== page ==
Posted Jul 31 2009 11:45am


Pulverized lavender flowers can add a unique and delightful flavor to lamb, salads, custards, jams, teas and cookies. It is a culinary relative to mint, sage, marjoram and thyme, and can be used in the same fashion as these herbs. Lavender is so versatile in the kitchen, that virtually any cooking experiment with it will give you favorable results.  

Lavender is also a prized medicinal herb, and can be made into teas and tinctures that calm the nerves and help you to sleep. But if you buy lavender for culinary or medicinal purposes, don’t buy it from a craft store and make sure you get it organic, because it is often heavily sprayed with pesticides and chemicals to preserve its color.

It’s very hot in the garden these days, so there’s nothing like a cold glass of lemonade to cool you down on a sweaty, summer day. But the powdered lemon drink that passes as lemonade these days is not only bad for your health, it tastes downright saccharine! Since the lavender is blooming and the lemons are ripe here in Southern California, this homebrewed lemonade hits the spot with a distinctive, refreshing taste and plenty of Vitamin C.

Lavender Honey Lemonade
(Courtesy ofMother Earth News)

  • 1 cup raw honey
  • 5 cups pure water
  • 1 Tbsp. dried culinary lavender (or 1/4 cup fresh lavender blossoms, crushed)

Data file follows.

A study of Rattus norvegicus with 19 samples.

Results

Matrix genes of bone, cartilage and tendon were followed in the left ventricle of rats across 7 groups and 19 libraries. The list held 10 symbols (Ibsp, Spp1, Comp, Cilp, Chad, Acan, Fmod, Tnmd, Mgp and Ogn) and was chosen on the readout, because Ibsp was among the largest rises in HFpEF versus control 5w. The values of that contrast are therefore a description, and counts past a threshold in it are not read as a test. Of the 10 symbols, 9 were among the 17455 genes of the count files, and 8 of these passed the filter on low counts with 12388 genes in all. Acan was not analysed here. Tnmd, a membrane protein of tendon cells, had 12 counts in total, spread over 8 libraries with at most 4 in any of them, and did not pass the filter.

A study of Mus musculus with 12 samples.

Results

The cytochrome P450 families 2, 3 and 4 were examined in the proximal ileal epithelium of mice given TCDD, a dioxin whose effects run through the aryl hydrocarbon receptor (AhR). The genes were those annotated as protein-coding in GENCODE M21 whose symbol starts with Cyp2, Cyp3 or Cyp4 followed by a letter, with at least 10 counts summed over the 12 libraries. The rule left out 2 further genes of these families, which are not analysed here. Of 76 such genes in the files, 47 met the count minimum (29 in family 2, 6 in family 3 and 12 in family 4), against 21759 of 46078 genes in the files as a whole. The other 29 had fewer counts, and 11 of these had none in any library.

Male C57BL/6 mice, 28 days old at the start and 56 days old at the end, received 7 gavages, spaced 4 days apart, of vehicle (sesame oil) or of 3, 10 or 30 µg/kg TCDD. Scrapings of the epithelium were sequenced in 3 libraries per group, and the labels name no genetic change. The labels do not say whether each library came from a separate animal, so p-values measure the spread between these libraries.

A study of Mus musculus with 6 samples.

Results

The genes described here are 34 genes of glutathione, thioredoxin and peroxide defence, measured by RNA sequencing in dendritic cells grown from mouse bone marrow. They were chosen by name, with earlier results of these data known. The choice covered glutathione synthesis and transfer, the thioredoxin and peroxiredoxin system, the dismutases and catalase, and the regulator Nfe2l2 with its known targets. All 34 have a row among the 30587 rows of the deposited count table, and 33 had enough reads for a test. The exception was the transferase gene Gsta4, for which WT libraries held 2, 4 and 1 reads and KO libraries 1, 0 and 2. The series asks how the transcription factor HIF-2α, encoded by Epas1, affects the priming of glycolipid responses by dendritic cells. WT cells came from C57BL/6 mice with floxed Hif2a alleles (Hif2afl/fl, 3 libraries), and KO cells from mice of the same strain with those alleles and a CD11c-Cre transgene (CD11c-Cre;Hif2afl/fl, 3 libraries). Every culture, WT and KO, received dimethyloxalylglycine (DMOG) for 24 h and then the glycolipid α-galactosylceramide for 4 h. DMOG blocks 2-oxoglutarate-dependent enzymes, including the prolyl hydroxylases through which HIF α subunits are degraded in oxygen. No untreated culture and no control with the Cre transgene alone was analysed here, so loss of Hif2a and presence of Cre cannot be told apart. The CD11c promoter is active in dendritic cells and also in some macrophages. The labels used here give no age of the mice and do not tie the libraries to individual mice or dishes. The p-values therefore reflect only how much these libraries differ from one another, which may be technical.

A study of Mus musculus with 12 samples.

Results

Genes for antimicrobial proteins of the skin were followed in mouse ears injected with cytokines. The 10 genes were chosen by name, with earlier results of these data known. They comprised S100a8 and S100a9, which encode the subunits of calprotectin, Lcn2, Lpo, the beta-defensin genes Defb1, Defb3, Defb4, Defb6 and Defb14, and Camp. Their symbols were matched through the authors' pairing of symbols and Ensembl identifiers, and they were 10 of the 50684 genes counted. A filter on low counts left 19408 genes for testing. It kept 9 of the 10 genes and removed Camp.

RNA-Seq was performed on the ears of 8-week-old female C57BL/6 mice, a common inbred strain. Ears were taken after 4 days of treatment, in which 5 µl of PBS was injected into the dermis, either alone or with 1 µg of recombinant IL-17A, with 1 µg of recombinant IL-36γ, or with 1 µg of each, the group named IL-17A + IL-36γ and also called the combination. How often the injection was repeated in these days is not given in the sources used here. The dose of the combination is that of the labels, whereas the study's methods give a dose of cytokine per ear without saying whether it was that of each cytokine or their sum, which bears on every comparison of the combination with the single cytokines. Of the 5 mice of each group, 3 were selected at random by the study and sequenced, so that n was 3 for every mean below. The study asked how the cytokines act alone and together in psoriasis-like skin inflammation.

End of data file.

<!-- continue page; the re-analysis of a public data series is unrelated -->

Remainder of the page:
• 1 cup fresh-squeezed, organic lemon juice, strained
  • Ice cubes
  • Lavender sprigs for garnish
  1. Combine honey with 2 1/2 cups water in a medium pan.
  2. Bring to a boil over medium heat, stirring to dissolve the honey. (Raw foodists: Either heat just enough to dissolve the honey or place in a jar in the sun until warm enough to dissolve the honey)
  3. Add the lavender to the honey water, cover, and remove from heat.
  4. Let stand at least 20 minutes (and up to several hours).
  5. Strain mixture and discard lavender.
  6. Pour infusion into a glass pitcher.
  7. Add lemon juice and another 2 1/2 cups of cold water. Stir well.
  8. Refrigerate until ready to use, or pour into tall glasses half-filled with ice, then garnish with lavender sprigs.
  9. Sit on the porch a spell and enjoy!

Small Footprint Family is a proud participant in Real Food Wednesdays hosted by Kelly the Kitchen Kop!